May 22, 2018

By Carol Higgins Taylor, Eastern Area Agency on Aging

Now that daylight saving time has ended, darkness is falling very early. Worse than a reminder of the long nights and cold days ahead, is the reduced visibility of drivers when it comes to pedestrians.

Seems every year we hear of elderly and sometimes others being hit by cars because the motorists simply cannot see them until it’s too late. This is a tragedy that can be prevented, not just by drivers slowing down and resisting practicing distracted driving — no food, phones, etc. — but also by the pedestrians being more visible.

“I read where someone was struck and killed by a car while crossing the road to get the mail,” said Noelle Merrill, executive director of Eastern Area Agency on Aging. “That’s when the idea of providing seniors with reflective vests, which had been mulling in my head, came to life.”

Merrill, a devoted runner who is often pounding the pavement in less than perfect light, dons her highly reflective vest as avidly as her running shoes.

Eastern Area Agency on Aging’s Vest Dressed for Safety program makes reflective vests available to senior citizens to increase their visibility.

“As an agency, we are committed to the safety of every senior,” said Merrill. “We also advocate for them to remain independent and active. With daylight hours so short now, people are out and about in the dark, when it is much more difficult for motorists to see them.”

As Maine is so rural, often there are no sidewalks so people are forced to walk on the side of the road, mailboxes can be across the road from their homes and the availability of street lights is iffy. And for some seniors, hearing loss and changes in peripheral vision may make it harder for them to hear or see a vehicle approaching, Merrill said.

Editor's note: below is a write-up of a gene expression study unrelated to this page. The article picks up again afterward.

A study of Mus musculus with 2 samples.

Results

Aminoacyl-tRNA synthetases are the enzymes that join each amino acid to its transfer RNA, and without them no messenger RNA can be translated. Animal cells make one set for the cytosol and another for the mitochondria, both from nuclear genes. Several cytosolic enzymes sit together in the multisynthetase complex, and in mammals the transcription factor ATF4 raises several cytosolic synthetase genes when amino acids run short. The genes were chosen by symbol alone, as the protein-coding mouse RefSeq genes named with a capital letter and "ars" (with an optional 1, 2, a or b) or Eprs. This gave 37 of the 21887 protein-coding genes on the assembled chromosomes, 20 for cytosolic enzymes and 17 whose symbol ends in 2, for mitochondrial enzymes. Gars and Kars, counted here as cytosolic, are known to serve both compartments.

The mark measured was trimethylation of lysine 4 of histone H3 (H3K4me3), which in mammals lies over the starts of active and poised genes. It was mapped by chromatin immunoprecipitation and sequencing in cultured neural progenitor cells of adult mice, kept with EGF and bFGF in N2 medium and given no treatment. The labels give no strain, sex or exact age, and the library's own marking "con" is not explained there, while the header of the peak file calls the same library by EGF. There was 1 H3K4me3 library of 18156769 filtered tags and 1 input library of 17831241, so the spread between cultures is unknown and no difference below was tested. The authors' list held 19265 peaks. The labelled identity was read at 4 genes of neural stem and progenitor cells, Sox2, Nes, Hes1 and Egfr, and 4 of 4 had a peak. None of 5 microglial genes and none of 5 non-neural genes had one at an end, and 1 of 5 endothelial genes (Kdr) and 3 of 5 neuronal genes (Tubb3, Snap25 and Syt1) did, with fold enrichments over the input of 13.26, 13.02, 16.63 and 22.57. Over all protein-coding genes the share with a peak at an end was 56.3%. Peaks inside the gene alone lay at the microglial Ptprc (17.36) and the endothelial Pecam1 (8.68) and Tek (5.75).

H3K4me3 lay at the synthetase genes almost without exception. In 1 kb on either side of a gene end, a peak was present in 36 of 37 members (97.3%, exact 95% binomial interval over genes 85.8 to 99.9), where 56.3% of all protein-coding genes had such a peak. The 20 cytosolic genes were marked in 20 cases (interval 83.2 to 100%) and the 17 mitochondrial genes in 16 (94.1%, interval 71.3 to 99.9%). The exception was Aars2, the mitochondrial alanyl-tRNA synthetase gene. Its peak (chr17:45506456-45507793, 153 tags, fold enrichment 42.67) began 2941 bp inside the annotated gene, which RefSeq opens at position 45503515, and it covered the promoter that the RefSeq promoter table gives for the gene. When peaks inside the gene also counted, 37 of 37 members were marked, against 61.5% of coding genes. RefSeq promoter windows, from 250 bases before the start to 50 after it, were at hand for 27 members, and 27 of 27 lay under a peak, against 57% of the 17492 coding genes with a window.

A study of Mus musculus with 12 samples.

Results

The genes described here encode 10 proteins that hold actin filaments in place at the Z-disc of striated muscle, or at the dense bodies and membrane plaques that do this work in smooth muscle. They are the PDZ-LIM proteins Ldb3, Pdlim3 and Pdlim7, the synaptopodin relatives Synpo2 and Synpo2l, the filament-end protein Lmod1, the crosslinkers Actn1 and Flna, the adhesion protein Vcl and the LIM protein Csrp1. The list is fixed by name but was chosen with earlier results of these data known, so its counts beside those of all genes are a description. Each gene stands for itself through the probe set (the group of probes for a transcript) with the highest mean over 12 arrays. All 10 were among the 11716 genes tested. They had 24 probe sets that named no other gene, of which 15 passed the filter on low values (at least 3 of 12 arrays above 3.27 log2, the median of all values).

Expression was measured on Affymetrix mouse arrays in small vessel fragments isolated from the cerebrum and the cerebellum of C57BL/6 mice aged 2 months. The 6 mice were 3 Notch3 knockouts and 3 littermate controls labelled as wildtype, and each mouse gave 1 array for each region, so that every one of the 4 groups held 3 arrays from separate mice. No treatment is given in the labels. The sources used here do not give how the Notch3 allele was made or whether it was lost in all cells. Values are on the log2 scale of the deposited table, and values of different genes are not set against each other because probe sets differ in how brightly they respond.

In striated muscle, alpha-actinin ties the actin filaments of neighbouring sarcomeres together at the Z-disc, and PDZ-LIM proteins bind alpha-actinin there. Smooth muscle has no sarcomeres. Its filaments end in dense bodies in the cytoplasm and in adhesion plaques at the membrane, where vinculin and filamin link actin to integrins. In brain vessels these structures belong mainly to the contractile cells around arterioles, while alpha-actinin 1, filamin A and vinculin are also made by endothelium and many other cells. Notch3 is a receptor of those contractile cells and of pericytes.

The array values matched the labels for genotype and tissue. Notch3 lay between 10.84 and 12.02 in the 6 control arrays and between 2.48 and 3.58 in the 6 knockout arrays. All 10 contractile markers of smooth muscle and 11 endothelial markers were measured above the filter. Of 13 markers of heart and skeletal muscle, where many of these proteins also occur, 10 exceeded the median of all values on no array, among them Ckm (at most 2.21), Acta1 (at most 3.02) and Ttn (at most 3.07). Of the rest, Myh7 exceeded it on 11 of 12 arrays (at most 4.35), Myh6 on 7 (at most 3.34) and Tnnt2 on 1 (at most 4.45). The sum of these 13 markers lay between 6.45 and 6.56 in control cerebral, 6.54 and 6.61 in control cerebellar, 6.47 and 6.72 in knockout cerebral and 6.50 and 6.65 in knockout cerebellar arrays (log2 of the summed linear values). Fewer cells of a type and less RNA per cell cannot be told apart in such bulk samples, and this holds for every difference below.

Wearing a reflective vest, which can make a person visible hundreds of feet away, gives a motorist plenty of time to maneuver safely and, it is hoped, avoid hitting a pedestrian. Since the program’s inception a few years ago, EAAA has distributed more than 400 vests. Although these are not designed specifically for EAAA and reflective vests have always been available through local retailers, Merrill thinks it will be easier for seniors to get one from EAAA instead of shopping around.

“If getting a vest becomes complicated, with going from store to store, people may not bother,” said Merrill. “EAAA wants to make safety easy for them. And we want seniors to get into the habit of wearing a reflective vest whenever they are out and about — day and night.” The vests are lightweight and “senior-friendly,” she added. They have front and back panels each with two reflective stripes. Elastic connects the sides and they fasten with Velcro, which is helpful to seniors with arthritic hands.

So don’t curse the darkness, as an ancient Chinese proverb advises, just be ready for it. Get your vest today and venture out with confidence. We ask for a $10 donation to help cover our costs. Send a check for $10 to EAAA, 450 Essex St., Bangor, ME 04401, Attention: Vest Dressed for Safety. Be sure to include your mailing address and size: S/M, L/XL or 2XL/3XL, and we will send your vest to you. One hundred percent of your donation goes toward the cost of the vest.

“And we never want anyone going without a vest due to finances so we have sponsorships available for those who may not be able to afford to pay the 10 dollars,” said Merrill.

Be safe, be seen. Get a vest.

Carol Higgins Taylor is director of communications at EAAA. E-mail Higgins Taylor at For information on EAAA, call 941-2865, toll-free 800-432-7812, email or visit TTY 992-0150.